Early morning thoughts while pictures beam in from France

This morning I am in a happy place. It is an intersection. A listening post.

The Tour de France is on TV, and that is a thrill itself. Getting up early on a long weekend Monday to watch the colours of the peloton's men and machines stream and curve through the countryside is time in front of the monitor well spent. I enjoy parades, and bicycles, and TV in the sun.

With a mug of coffee, and a book and a sharpened pencil as the broadcast flows in.

This morning, the book is Trickster Makes The World by Lewis Hyde. The open pages resemble a gravesite I saw embedded into the earth at the Hillcrest cemetery. The shaft of sunlight stares across the printed words. They are worth standing in front of and staring at.
Structures always arise from exclusion. Think, for example, of how one might go about designing a flag. This world has endless color; the palette of greens in field and forest is boundless, as is that of water under changing skies. To make a flag, we select only two or three of the colors available and from the infinite ways we might arrange them we settle on a single one. Only by such narrowing can the flag acquire identity. Then it means something. Then we can recognize it, salute it, be its heroes, keep it out of the dirt.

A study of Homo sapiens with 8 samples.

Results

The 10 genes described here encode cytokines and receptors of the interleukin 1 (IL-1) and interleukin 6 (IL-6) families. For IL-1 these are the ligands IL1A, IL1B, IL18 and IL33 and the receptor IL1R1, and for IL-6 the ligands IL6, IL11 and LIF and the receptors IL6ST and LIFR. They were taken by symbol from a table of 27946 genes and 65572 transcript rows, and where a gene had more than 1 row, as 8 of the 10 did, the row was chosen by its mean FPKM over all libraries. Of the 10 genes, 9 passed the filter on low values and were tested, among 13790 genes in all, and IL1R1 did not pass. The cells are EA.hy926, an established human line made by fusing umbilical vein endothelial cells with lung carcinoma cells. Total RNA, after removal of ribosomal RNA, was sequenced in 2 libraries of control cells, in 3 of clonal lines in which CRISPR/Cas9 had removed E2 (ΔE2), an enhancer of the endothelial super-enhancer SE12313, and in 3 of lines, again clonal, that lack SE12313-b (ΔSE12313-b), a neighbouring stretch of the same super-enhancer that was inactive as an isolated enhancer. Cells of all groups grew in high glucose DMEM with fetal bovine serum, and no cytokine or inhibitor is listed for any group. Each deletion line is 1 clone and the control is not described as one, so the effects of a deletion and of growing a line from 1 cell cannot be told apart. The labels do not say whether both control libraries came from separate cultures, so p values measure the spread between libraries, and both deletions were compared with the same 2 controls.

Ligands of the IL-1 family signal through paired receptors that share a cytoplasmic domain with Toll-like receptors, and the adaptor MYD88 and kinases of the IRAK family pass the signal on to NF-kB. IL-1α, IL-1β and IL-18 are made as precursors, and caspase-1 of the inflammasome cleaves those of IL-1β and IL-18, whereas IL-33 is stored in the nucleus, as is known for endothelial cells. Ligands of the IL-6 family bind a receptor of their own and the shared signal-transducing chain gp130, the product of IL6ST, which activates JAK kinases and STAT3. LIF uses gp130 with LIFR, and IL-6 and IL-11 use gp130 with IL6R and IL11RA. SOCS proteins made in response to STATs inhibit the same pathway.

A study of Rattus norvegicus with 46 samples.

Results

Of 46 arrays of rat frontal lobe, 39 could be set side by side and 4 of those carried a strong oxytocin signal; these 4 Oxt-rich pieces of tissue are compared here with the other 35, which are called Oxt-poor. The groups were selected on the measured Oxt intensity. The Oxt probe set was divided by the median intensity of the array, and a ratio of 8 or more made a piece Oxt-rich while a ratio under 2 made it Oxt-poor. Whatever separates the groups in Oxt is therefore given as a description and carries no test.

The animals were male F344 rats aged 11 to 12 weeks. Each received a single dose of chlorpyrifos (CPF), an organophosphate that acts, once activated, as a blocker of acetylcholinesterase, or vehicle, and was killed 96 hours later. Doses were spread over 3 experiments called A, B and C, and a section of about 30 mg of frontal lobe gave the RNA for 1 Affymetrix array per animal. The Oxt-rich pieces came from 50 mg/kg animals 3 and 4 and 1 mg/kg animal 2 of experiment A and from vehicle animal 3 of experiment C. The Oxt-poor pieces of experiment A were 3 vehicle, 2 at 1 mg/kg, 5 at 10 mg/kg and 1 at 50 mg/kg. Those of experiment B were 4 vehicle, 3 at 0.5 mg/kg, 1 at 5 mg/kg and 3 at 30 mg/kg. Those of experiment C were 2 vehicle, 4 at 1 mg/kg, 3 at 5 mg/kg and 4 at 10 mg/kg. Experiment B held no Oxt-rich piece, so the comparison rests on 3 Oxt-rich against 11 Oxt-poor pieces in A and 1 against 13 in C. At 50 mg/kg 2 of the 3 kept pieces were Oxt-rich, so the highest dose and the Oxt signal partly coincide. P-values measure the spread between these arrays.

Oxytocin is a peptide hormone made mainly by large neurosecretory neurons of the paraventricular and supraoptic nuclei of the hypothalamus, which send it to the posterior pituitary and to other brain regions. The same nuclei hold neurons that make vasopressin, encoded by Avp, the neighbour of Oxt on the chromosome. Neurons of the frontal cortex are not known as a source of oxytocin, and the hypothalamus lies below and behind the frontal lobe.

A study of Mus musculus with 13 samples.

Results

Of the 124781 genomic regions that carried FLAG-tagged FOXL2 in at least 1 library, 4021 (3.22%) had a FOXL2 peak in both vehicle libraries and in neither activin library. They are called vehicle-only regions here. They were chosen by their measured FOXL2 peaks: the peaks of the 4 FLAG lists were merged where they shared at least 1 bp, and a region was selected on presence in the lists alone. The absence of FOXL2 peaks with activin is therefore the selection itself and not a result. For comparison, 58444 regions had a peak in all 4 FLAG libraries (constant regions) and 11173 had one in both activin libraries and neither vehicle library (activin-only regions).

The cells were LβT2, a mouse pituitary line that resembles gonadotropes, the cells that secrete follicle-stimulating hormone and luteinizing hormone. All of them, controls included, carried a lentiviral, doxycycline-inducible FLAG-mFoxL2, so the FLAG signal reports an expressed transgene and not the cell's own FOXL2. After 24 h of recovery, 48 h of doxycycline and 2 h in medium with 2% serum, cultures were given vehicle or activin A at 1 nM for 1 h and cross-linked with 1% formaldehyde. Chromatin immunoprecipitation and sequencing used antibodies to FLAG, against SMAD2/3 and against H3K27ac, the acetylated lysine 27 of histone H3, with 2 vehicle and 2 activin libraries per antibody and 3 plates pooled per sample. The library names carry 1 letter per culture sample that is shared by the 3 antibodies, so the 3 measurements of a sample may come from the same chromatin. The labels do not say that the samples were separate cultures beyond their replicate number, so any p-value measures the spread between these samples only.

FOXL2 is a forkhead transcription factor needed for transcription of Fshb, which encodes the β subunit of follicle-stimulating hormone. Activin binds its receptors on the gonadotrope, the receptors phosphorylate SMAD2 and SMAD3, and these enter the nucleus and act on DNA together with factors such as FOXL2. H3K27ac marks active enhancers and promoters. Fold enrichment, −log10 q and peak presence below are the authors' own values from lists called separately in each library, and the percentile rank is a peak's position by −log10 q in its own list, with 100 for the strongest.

A flag, Hyde says, is a particularity struck from the vastness. So is a gravesite, I believe.

A flag against the sky, a grave marker against the earth, words against the page, a bicycle rider inscribed on the fields of Moselle, these are all particularities and vastnesses that can be read together, wonderfully.